While you can't turn bad news into good through clever wording, the way that you deliver bad news in writing can affect how it is received the same way that it does when speaking. Some speakers know how to deliver bad news, and others only make it worse. The same is true in writing.
The introduction is very important. It sets the context for the bad news, and context has a lot to do with how bad news is received. Instead of jumping straight into the bad, try leading with something positive. Describe what went well or a beneficial outcome. Or explain something positive about the future. Take the long term view, and present a positive vision for the future.
The bad news itself should go in the middle of your message. If there are five paragraphs, the bad news should hide in the middle of the third. Your goal is not so much to hide or minimize the fact of the bad news, so much as it is to place it in context and make it part of an overall message. You need to introduce it, and you need to leave them with it explained and in context, so the bad news should go in the middle.
Once delivered, the bad news should be followed by the remedy, lesson learned, or course of action that will result in future prevention or improvement. You should consider making a commitment to taking some kind of corrective action. Turn your weakness into a strength. However, your response must be credible and verifiable.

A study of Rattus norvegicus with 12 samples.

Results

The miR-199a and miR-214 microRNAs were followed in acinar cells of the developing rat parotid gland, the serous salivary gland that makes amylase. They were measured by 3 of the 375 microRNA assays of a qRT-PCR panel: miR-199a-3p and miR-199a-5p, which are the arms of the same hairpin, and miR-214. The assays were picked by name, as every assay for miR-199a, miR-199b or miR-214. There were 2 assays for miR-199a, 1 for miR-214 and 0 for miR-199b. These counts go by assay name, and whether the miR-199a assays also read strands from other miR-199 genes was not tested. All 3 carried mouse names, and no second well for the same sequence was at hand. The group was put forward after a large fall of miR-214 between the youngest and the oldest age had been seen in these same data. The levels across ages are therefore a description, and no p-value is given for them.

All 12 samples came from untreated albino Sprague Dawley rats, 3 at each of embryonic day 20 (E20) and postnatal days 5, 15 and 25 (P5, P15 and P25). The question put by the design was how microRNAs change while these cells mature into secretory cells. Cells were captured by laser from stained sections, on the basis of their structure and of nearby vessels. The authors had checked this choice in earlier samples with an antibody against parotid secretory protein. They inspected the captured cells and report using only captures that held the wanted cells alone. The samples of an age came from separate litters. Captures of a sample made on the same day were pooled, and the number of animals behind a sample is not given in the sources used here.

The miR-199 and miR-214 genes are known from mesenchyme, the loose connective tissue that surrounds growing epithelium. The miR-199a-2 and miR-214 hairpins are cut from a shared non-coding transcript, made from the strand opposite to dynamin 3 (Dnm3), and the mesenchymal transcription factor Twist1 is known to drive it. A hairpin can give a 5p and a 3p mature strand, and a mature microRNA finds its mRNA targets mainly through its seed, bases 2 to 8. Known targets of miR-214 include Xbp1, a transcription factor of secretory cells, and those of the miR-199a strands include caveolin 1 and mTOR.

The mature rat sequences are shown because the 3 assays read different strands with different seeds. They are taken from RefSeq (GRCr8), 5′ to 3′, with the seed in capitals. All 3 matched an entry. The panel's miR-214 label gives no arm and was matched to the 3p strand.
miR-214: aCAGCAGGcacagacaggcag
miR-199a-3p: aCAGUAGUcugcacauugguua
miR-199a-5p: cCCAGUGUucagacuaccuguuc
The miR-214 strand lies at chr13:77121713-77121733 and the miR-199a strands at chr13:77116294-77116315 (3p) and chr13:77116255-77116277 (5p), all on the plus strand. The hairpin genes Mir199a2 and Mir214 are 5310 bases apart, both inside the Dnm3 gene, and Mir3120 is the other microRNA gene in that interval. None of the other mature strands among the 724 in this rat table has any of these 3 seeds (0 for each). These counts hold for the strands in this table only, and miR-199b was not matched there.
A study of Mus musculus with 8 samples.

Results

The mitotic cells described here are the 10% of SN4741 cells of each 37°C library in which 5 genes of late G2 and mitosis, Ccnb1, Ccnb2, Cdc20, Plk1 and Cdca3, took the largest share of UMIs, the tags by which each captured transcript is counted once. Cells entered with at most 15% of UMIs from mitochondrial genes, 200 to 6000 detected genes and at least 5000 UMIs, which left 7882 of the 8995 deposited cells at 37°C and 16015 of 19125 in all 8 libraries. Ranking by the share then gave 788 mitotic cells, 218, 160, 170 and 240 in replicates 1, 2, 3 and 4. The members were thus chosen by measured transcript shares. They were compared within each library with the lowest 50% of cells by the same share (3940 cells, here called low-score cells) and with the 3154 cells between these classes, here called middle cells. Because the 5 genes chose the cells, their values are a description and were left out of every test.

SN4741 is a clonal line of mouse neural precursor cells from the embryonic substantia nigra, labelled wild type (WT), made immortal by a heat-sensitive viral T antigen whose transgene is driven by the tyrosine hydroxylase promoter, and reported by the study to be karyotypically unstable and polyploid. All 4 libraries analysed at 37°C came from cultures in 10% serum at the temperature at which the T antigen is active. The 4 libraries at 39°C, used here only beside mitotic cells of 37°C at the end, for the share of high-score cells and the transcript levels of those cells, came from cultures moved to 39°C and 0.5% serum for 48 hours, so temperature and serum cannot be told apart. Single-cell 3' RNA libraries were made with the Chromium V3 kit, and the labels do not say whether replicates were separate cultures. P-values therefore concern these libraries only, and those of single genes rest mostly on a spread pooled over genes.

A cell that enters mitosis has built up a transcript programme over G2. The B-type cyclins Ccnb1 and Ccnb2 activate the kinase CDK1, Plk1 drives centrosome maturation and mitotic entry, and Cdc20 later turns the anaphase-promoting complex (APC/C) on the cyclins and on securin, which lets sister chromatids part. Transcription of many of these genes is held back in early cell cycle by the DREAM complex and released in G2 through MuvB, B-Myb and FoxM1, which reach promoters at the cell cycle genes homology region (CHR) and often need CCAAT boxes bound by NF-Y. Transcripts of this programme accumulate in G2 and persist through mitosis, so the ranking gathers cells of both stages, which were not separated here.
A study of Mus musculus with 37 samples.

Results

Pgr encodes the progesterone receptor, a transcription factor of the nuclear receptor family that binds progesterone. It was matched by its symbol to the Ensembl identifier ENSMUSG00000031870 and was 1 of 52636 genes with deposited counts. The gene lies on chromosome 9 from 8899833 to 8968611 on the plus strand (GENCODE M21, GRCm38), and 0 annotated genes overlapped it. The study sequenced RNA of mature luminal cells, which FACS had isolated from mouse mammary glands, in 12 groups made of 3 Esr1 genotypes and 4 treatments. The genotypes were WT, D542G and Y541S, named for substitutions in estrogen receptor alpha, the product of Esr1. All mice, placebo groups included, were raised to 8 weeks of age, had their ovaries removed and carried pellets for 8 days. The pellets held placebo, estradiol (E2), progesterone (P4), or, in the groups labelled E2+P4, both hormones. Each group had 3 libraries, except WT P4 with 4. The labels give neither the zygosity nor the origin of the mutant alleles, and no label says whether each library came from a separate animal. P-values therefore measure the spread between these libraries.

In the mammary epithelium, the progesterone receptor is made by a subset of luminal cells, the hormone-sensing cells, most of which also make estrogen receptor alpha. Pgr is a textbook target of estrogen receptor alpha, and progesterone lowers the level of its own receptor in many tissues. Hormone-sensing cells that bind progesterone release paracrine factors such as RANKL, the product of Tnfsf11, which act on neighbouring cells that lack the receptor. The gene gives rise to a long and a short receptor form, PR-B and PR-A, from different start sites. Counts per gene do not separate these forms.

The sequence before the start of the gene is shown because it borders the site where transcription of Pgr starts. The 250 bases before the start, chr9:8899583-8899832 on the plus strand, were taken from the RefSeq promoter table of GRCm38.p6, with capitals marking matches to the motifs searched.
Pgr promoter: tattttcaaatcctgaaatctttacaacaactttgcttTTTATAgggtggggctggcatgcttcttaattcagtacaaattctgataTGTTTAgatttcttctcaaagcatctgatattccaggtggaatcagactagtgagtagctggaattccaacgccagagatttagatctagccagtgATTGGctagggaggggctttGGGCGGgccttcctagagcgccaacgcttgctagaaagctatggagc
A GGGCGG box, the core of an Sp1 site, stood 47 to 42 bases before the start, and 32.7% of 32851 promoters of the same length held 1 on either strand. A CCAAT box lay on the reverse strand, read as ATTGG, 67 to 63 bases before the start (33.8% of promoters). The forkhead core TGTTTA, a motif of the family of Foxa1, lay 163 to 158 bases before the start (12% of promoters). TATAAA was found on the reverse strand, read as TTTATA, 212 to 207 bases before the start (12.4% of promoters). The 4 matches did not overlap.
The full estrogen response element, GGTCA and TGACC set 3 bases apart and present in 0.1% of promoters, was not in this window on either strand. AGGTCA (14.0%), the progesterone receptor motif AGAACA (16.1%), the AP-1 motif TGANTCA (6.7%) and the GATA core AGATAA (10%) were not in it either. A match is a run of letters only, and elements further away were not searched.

Conclude by showing that you care. It could be nothing more than an apology, but it should show genuine empathy. You have mastered the art when your handling of the situation earns you respect and you are seen as someone who can be relied on when things go bad. And it's OK to tell the reader that this is what you hope will result in the long run. You want your reader to recognize that everyone has to deliver bad news sometimes, that you are making an effort to do it right, and that if the shoe was on the other foot, they would be saying and doing the same things.
The key to delivering bad news is trust. When you have bad news to deliver, it often means that your trust has already been damaged. If your message is not credible or you fail to live up to your commitments to make positive changes, the result can make things worse instead of better. If your delivery of bad news is deceitful or lacks credibility, it will be like pouring gasoline on the fire. If the reader's trust in you is damaged, it can be earned back, but only if you are willing to make the effort.